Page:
By Ryan Isakow
9 months after relinquishing his Senatorial office to Elizabeth Warren, Scott Brown is making the rounds to Iowa, implying a possible presidential run. This is the latest of a series of hints from Brown about a return to political office; other possibilities include Governor of Massachusetts and Senator for New Hampshire (Brown has a second home in the granite state). The speculation over a return to office has brought national media attention back to Brown after a post-election fall of coverage.
After almost entirely disappearing from the national media, Scott Brown is once again creating buzz for himself. This is no small feat – after losing a high profile election, it’s usually difficult for candidates to stay relevant. Scott Brown has also managed to stem the bleeding in his number of Facebook followers, accrued thanks in part to the large outside Tea Party support during his 2010 election.
After gaining 70,000 followers in the run-up to the election, Brown lost 10,000 likes between the election and April. He’s almost closed the gap, and as speculation over a possible run increases he should be able to leverage publicity into a renewed social media presence.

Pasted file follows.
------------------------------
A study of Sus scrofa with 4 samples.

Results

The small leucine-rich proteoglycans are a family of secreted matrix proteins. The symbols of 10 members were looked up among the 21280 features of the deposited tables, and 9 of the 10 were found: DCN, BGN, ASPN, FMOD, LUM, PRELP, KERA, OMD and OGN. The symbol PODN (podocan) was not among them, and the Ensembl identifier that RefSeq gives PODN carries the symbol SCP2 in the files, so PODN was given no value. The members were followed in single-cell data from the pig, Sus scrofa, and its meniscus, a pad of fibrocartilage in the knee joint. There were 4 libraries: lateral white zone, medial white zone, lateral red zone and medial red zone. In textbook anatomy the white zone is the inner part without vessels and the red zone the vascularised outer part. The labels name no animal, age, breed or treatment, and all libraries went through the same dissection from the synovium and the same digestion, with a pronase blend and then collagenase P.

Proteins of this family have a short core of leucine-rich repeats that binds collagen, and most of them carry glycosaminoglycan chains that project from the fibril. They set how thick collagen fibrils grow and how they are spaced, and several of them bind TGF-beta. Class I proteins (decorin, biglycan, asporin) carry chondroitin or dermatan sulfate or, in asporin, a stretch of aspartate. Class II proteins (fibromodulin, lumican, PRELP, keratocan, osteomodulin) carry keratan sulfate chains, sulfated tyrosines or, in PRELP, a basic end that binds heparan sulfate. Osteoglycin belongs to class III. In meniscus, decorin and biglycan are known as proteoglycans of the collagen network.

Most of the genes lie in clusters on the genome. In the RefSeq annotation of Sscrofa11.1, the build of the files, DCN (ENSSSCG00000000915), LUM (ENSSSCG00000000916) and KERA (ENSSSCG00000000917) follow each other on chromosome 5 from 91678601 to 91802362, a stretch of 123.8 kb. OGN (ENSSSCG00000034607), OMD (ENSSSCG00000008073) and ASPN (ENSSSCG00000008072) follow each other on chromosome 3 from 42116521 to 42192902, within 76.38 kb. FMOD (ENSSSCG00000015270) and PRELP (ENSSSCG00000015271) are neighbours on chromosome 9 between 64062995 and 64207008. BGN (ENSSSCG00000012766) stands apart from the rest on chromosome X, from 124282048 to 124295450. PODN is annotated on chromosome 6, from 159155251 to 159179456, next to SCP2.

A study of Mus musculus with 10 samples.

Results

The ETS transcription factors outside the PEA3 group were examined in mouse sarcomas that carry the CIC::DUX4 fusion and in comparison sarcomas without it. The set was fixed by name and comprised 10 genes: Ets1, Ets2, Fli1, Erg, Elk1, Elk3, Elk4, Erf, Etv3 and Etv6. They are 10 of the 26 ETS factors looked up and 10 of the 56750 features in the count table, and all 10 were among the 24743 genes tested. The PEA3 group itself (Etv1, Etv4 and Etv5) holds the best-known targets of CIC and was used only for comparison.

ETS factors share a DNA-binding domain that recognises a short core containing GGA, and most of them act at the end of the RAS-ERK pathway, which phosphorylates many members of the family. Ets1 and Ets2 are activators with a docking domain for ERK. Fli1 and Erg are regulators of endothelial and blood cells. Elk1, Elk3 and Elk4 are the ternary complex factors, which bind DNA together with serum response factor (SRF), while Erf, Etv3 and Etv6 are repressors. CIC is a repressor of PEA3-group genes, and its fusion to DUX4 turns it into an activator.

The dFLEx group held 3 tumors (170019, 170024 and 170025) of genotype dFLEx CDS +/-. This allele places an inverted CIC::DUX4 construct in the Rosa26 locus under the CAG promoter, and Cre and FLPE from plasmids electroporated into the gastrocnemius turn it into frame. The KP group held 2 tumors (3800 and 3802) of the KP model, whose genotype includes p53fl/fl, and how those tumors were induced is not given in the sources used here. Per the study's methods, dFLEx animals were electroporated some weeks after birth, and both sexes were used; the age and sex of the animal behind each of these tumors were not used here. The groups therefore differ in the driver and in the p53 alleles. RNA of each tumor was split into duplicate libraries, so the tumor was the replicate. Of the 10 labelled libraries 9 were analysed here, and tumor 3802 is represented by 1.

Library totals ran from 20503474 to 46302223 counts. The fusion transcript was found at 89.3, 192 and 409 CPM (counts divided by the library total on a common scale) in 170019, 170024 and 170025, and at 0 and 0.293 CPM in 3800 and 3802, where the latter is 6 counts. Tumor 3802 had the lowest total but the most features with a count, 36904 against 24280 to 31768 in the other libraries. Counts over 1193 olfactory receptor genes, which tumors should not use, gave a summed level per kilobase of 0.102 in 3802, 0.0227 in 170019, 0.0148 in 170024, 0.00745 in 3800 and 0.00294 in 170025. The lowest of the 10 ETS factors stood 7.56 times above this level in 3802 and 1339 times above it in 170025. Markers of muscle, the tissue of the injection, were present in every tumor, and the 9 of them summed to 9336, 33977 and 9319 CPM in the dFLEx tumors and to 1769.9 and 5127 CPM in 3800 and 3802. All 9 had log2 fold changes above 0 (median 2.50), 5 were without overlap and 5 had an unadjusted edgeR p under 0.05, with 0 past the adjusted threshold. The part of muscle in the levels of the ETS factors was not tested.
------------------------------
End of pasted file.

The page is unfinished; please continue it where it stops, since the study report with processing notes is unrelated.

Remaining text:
Scott Brown’s biggest challenge since he lost the 2012 election is figuring out where he can reenter politics. A return to the Senate from Massachusetts seems unlikely; the next election would be 2014 against Ed Markey, who has been in Congress for decades and has a strong base of support. In addition, it is hard to imagine Brown getting the same out of state grassroots support he got in 2010, during the height of the health care debate.
New Hampshire provides a safer ground, but bringing a political career between states is difficult at best – James Shields is the last person to serve in multiple Senate delegations, representing Illinois in 1849, Minnesota in 1858, and Missouri in 1879. Waitman Thomas Willey also served as Senator for both Virginia in 1861 and West Virginia in 1863. Unfortunately for Brown, the lack of civil wars and the direct election of Senators make a similar feat unlikely.
This leaves him with Governor or President. Massachusetts Governor Deval Patrick is not running for reelection, offering an open seat for Brown to try and renew his political career. Running for President offers a competitive Republican primary with the added bonus of running as a recently defeated Senator with less than two years spent actually in office – half as much as Barack Obama when he was elected president. If I were Scott Brown, I know what I would pick.
We’ll be keeping an eye on Scott Brown’s attempt to reenter public service. Wherever that may be.